ShareThis Page

New face at Southern Alleghenies Museum of Art making her mark

| Thursday, Jan. 7, 2016, 9:10 p.m.
Sean Stipp | Tribune-Review
Southern Alleghenies Museum of Art at Ligonier Valley site coordinator Emma Noonan stands for a portrait on Jan. 6, 2016.

Emma Noonan of Ligonier became site coordinator of the Southern Alleghenies Museum of Art on Sept. 8, just two days after she turned 24. The Johnstown native and Penn State art history grad came to the museum after a year with AmeriCorps as activities director at Bottle Works Ethnic Arts Center in Johnstown.

Question: Your career arc is very impressive...

Answer: I have to credit AmeriCorps for my rapid career advancement. It's kind of a boot camp for leadership. I got so much working experience at Bottle Works. When I applied to SAMA and got the job, I don't want to say I lucked out because I worked really hard for it. For most jobs like this, you need a master's degree. But I feel like the year at AmeriCorps was kind of equivalent to grad school.

Q: What's been your greatest challenge at SAMA?

A: Overcoming a lot of self doubt, in a way. Working at SAMA with its 40-year history, with such a legacy, it's easy to put a lot of pressure on yourself. Everyone has been supportive and my predecessor has been so helpful, and it's a blessing to have that path laid out for you. It's sort of saying, “OK, Emma, you can do this.”

Q: What's been most rewarding?

A: Actually, the (Nov. 20) opening for the SPCA juried exhibition — that's the first time I ever designed a show and had it hung. That was a huge responsibility. A lot of people had heard there was a new person here but didn't know who it was. It was cool to walk around and hear people say, “The new person, Emma, we don't know who she is, but she did a great job.” It was awesome to hear all the positive feedback, even if it's selfish.

Q: Are you planning any new programs?

A: On Jan. 27, we're starting a series of guided painting events with Natalie Cheek of StudioPM (of Johnstown). They're also called “paint and sip” or “painting with a twist,” and they're popular with the young professional crowd. There's appeal for older people, as well. I would like to make it a monthly thing.

Another colleague and I are trying to start a concert series, but that is very much in the incubation phase. It's something I would like to have under way by the end of 2016, maybe concerts in the garden.

Q: Are you an artist yourself?

A: I'm not an artist. That's why I'm so drawn to art, because I'm physically not creative. I love art and music, but I'm useless at the physical execution of it.

Q: Do you have a favorite artist or genre?

A: My favorite art genre changes about every month. There are aspects of Post-Impressionism that I love. Right now, I'm really into Middle Eastern art and architecture, which is such a hot topic. With the current (world) situation, I think we're going to keep seeing more of an influence from that area, especially as people's stories are told.

Q: Who has inspired you most?

A: Angela Rizzo, the executive director at Bottle Works. She was such a great example of a young woman blazing a trail in the professional world and doing it all on her own. Her whole life was the Bottle Works, but then she was mother to a 6-year-old daughter. She was doing it all. She was an excellent guide for what I want to do.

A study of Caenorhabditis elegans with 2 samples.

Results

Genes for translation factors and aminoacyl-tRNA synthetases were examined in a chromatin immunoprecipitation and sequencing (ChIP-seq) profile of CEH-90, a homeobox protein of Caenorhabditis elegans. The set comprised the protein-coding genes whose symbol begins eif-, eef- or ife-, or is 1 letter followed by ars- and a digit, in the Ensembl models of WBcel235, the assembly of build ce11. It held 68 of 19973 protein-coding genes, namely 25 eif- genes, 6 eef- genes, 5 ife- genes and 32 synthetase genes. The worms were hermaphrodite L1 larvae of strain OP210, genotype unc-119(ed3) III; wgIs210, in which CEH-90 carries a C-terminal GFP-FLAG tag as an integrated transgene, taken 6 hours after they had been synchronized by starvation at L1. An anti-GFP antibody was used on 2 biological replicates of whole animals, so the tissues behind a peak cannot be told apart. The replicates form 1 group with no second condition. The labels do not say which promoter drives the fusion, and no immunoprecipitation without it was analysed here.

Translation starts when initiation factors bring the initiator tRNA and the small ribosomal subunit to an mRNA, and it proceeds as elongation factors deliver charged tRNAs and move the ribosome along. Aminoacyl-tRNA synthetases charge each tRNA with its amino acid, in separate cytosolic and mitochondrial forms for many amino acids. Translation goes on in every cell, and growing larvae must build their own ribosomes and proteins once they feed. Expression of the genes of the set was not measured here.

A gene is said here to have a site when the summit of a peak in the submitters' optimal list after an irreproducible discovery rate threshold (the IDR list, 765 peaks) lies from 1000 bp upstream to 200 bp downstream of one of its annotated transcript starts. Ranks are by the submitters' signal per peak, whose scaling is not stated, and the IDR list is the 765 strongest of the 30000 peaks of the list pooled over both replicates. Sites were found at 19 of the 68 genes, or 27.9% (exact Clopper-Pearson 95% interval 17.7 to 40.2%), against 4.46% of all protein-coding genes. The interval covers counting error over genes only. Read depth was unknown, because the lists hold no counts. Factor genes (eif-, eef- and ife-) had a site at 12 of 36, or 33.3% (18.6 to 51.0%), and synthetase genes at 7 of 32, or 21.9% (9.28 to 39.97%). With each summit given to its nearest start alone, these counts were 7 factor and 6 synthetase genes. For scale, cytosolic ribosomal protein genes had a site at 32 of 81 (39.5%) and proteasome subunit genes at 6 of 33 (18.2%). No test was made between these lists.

Q: What is your career goal?

A: Right now, I'm in my dream job. I would one day love to be the executive director of SAMA, but I'm not going after (executive director) Gary Moyer or anything! I'm so happy were I am, and it's so rare to come out of college and do exactly what you want to do. But 20 years from now, I'd like to be at the very top.

Shirley McMarlin is a Tribune-Review staff writer.

TribLIVE commenting policy

You are solely responsible for your comments and by using you agree to our Terms of Service.

We moderate comments. Our goal is to provide substantive commentary for a general readership. By screening submissions, we provide a space where readers can share intelligent and informed commentary that enhances the quality of our news and information.

While most comments will be posted if they are on-topic and not abusive, moderating decisions are subjective. We will make them as carefully and consistently as we can. Because of the volume of reader comments, we cannot review individual moderation decisions with readers.

We value thoughtful comments representing a range of views that make their point quickly and politely. We make an effort to protect discussions from repeated comments either by the same reader or different readers

We follow the same standards for taste as the daily newspaper. A few things we won't tolerate: personal attacks, obscenity, vulgarity, profanity (including expletives and letters followed by dashes), commercial promotion, impersonations, incoherence, proselytizing and SHOUTING. Don't include URLs to Web sites.

We do not edit comments. They are either approved or deleted. We reserve the right to edit a comment that is quoted or excerpted in an article. In this case, we may fix spelling and punctuation.

We welcome strong opinions and criticism of our work, but we don't want comments to become bogged down with discussions of our policies and we will moderate accordingly.

We appreciate it when readers and people quoted in articles or blog posts point out errors of fact or emphasis and will investigate all assertions. But these suggestions should be sent via e-mail. To avoid distracting other readers, we won't publish comments that suggest a correction. Instead, corrections will be made in a blog post or in an article.